Mortgage lending and housing construction have slowed considerably in many countries, the OECD said in a report on the outlook for the global economy.

Globally, financial conditions have tightened as central banks have responded increasingly forcefully to above-target inflation by pushing up market measures of real interest rates.

What has happened? Equity markets in much of the world have fallen sharply this year, nominal bond yields have risen, the US dollar has appreciated significantly and risk appetite has declined.

Note: The grey bars represent the range of highest and lowest rates of unemployment between 2002 and 2022Q2 across countries.Source: OECD Labour Market Statistics; and OECD calculations.

Meanwhile, corporate bond spreads have widened, especially in Europe, and capital outflows from emerging market economies have intensified.

While all this is occurring, the OECD added that in the United States, the spread between ten-year and two-year government bond yields has turned negative, a phenomenon that in the past often accompanied cyclical downturns; yield curves have steepened similarly in some other advanced economies, especially the United Kingdom.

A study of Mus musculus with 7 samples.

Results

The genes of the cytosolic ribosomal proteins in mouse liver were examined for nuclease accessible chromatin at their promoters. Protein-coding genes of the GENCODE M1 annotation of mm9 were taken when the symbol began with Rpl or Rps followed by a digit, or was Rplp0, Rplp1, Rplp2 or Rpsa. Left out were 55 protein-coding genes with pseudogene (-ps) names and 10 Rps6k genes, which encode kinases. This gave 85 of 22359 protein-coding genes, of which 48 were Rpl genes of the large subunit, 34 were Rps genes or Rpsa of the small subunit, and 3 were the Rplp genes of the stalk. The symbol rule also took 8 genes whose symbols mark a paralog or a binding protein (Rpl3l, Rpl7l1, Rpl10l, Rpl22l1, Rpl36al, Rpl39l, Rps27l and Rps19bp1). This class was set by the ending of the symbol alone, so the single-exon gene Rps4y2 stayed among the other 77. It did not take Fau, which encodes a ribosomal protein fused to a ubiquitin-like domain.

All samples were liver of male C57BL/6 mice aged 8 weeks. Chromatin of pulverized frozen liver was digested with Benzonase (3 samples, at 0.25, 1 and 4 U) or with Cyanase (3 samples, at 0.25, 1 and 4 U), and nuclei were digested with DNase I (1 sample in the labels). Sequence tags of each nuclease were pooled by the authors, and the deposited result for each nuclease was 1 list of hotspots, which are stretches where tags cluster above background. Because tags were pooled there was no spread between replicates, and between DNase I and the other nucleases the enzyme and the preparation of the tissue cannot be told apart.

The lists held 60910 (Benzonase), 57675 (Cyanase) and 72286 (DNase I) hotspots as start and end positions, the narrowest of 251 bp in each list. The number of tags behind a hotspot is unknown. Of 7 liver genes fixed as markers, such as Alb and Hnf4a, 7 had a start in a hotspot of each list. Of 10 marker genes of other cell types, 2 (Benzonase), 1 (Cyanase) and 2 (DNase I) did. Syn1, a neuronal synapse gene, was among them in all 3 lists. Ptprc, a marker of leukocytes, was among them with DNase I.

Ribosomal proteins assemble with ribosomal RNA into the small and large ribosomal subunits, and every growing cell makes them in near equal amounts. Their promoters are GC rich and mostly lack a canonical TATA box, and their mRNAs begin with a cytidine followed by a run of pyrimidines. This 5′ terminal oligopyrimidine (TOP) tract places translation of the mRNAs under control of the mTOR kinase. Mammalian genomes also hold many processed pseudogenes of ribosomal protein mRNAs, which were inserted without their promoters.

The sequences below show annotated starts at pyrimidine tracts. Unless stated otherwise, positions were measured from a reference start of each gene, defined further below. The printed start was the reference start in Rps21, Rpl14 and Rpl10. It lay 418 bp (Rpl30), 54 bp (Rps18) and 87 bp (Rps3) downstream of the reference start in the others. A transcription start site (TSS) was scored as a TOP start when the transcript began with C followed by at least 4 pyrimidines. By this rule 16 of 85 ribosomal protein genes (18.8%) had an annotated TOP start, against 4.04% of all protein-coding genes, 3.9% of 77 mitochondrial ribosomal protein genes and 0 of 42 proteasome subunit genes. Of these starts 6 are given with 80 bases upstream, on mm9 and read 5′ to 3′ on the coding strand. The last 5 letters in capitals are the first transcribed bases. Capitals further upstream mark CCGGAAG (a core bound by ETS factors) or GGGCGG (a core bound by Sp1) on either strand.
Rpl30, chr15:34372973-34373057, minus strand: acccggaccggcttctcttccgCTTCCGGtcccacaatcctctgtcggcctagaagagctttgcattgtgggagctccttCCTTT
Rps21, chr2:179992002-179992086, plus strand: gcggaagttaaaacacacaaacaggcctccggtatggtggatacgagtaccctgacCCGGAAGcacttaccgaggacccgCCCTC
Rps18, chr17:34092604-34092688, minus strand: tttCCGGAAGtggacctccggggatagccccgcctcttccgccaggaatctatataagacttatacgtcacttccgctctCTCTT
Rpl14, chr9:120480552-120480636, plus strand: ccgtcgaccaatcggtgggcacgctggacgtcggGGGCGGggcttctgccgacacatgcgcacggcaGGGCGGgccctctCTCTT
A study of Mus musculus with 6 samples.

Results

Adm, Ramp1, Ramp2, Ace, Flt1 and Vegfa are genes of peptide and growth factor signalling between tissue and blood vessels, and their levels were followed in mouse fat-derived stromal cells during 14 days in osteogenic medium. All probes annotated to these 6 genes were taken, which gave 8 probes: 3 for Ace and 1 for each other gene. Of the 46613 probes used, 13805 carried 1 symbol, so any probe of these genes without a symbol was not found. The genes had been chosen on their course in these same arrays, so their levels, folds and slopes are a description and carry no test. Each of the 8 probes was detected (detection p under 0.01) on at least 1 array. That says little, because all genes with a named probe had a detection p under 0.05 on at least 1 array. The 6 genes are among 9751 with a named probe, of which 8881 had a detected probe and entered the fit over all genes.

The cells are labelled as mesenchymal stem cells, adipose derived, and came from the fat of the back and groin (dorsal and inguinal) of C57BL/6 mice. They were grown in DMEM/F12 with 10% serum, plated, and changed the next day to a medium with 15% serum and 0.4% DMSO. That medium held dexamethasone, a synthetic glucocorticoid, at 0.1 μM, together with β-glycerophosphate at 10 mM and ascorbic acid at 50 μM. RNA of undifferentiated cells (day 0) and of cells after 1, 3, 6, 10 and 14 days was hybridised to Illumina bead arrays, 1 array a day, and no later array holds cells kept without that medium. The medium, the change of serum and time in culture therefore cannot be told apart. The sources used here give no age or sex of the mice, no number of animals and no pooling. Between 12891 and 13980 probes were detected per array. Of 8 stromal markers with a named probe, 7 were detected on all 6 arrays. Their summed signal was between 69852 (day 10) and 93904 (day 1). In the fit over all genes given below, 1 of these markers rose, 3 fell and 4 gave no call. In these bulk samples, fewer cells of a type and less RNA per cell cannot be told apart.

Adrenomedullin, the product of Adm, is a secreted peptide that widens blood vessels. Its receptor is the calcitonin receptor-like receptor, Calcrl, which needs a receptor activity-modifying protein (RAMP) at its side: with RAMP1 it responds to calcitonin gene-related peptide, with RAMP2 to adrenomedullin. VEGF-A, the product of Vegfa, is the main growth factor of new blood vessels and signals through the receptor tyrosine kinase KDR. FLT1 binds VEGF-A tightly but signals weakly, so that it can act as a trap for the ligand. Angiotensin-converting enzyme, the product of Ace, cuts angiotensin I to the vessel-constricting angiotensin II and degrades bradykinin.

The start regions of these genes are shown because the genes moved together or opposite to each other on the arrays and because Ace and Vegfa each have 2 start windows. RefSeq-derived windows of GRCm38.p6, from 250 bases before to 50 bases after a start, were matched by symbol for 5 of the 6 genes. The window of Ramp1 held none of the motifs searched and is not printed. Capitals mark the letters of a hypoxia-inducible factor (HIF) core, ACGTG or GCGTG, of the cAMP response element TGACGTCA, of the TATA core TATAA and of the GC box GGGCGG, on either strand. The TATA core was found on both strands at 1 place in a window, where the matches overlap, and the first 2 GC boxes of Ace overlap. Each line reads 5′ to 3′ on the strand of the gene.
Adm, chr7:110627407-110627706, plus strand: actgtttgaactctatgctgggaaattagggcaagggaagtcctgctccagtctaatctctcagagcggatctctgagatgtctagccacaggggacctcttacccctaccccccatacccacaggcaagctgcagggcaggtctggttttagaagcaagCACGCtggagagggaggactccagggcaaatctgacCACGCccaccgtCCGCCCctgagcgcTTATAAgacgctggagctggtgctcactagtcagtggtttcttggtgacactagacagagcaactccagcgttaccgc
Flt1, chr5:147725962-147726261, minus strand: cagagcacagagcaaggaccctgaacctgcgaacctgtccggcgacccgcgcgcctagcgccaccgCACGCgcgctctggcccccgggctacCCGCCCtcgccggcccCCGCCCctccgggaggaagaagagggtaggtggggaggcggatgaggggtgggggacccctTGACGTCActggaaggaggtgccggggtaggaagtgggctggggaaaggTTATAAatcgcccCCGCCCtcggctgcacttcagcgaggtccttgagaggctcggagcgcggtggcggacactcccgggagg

Mortgage lending

Rising interest rates are also affecting momentum in housing markets.

Home sales, mortgage lending and construction have slowed considerably in many countries, and in some countries prices are falling month on month.

Labor market conditions are difficult almost everywhere. In many OECD economies, unemployment rates are at their lowest levels in 20 years, while the ratio of job seekers to vacancies remains historically low.

However, the OECD said that the pace of job growth in North America and Europe has slowed, vacancies have begun to decline in some countries, and the decline in the unemployment rate appears to have bottomed out or even reversed in some countries.